Antony, like Julius Caesar, is descended from an ancient Roman family, though lately the family has fallen into disfavor. Antony seems to have been a rather worthless person in his youth; he liked to drink too much, and he tended to be a spendthrift. He continued to exhibit these qualities for the rest of his life. But he also has a generous nature and a good-humored personality, and eventually he becomes a lieutenant to Julius Caesar in Gaul. His troops like him, and he is courageous on the battlefield. He becomes a chief deputy to Caesar, and eventually he is a partner with him as consul in Rome.
Antony makes his "second home" in the mysterious East, in Egypt, the civilization of the Ptolemies, in the play. Rome seems cold and grey, whereas Alexandria shimmers with heat and sparkles with color and sensuality. Antony's personality is much like the land where he makes his home in his middle years.
Antony seems to have acquired a new interest in the pleasures of living because of his residing in Egypt and because of his love for Cleopatra. Finally, however, he becomes a very troubled man because he found himself torn between a desire to be with Cleopatra and an equally strong desire to seek and maintain power in Rome.
His impulsiveness and his inability to make decisions make him appear weak, but he is not as weak as he appears, as the play illustrates. He is sensual, but he is also brave, and he withstands adversity well. He is insecure about his age, to some extent, for he worries about Cleopatra's fidelity, since he is older than she is. But in spite of his insecurities, Antony more often than not is overconfident.
He seriously underestimates his youthful opponent, Octavius Caesar; he believes that his own vast experience and courage on the field can make up for Octavius's inexperienced determination. He finds ultimately that they do not. Antony is finally driven to make a choice between his allegiance to Egypt and Cleopatra — or to Rome; he must declare his allegiance to one world or the other. He cannot have both, and it becomes clear early in the play that Rome's problems demand his full loyalty, rather than half. Antony's failure to see the nature of his problem causes him to endlessly vacillate, avoiding mailing a final decision until it is too late. Much of Antony's apparent impulsiveness, first deciding to give up all for Cleopatra, then deciding to return to Rome, etc., is a direct result of his basic underlying indecision. Because he cannot come to a conclusion about what values take precedence in his life, he loses everything.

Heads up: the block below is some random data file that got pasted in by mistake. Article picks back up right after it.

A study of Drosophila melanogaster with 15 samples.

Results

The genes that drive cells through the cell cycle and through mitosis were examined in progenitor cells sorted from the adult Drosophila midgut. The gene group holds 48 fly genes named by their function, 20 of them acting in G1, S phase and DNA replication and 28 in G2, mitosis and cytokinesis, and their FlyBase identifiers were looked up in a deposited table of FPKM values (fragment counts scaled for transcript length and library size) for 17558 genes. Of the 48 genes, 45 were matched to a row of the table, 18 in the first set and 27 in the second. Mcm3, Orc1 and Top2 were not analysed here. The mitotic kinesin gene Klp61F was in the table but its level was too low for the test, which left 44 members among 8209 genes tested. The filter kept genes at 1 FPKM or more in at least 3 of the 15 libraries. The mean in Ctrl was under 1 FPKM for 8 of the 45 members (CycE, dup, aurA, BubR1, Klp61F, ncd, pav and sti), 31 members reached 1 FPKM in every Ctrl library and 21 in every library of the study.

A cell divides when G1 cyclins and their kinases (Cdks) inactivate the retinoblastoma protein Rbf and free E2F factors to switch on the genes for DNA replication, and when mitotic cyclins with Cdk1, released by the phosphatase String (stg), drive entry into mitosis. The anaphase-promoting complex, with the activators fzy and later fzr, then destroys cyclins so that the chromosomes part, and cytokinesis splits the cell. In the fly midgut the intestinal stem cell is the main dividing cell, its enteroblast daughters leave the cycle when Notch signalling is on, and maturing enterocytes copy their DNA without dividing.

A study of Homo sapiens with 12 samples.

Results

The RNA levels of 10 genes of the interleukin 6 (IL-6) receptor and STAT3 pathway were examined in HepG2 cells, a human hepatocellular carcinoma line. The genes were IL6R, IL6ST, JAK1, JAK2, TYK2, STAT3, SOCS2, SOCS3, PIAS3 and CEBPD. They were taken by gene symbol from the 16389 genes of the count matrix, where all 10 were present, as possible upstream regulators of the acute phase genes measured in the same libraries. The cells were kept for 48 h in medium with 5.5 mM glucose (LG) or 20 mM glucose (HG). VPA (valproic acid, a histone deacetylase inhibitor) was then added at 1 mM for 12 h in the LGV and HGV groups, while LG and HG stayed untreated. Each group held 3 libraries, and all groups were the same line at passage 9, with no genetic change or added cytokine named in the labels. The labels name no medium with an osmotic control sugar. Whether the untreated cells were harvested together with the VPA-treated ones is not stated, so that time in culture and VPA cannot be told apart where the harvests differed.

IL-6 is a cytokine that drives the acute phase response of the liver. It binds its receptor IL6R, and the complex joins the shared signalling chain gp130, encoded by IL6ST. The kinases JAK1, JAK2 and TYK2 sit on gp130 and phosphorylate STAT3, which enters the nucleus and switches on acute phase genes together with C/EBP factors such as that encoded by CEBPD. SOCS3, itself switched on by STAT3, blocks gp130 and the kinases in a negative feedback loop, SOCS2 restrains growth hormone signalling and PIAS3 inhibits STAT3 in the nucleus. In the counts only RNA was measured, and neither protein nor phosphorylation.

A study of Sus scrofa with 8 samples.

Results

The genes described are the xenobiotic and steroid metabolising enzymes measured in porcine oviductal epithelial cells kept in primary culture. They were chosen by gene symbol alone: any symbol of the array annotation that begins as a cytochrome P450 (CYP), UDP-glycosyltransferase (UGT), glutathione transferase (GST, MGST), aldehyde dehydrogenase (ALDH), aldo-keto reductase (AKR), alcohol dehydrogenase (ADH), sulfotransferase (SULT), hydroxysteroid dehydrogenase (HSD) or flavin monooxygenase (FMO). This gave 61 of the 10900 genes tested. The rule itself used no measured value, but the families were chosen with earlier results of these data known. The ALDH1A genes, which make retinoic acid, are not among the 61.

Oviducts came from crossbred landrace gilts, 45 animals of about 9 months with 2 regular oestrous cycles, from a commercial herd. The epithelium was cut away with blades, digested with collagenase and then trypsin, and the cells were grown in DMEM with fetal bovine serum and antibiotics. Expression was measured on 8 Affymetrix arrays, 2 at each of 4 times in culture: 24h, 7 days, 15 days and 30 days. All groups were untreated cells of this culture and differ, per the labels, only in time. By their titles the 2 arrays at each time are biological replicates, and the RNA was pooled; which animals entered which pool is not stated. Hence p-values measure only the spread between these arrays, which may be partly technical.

One of his first mistakes is letting himself be drawn into the world of Egypt and its delights. He forgets that not all Romans conceive of Egypt as he does. He loses much popular support, due in large part to Octavius Caesar's criticism; thus, ultimately, his devotion to Cleopatra seems like disloyalty to Rome. Yet, despite all his mistakes, Antony is a heroic figure, drawn larger than life by Shakespeare's poetry. His ever-increasing indecision is the mirror of his inner struggle to find a balance between two worlds and two sets of values. If he fails, it isn't because he doesn't try to achieve all that he can. His adventurous attitude suggests that he attempts to enlarge his awareness of what life can be. By contrast, Octavius is not heroic simply because he never questions his ideals nor deeply weighs his loyalties. Audiences, readers, and critics have always disagreed as to whether or not Antony made the right choice. Perceptions of the meaning of his actions will differ, but the end result is the same: Antony and Cleopatra is a powerful play because it has powerful characters who catch the imagination and never release it. They are lovers who are more mature than Romeo and Juliet and, for that reason, they are not easily forgotten.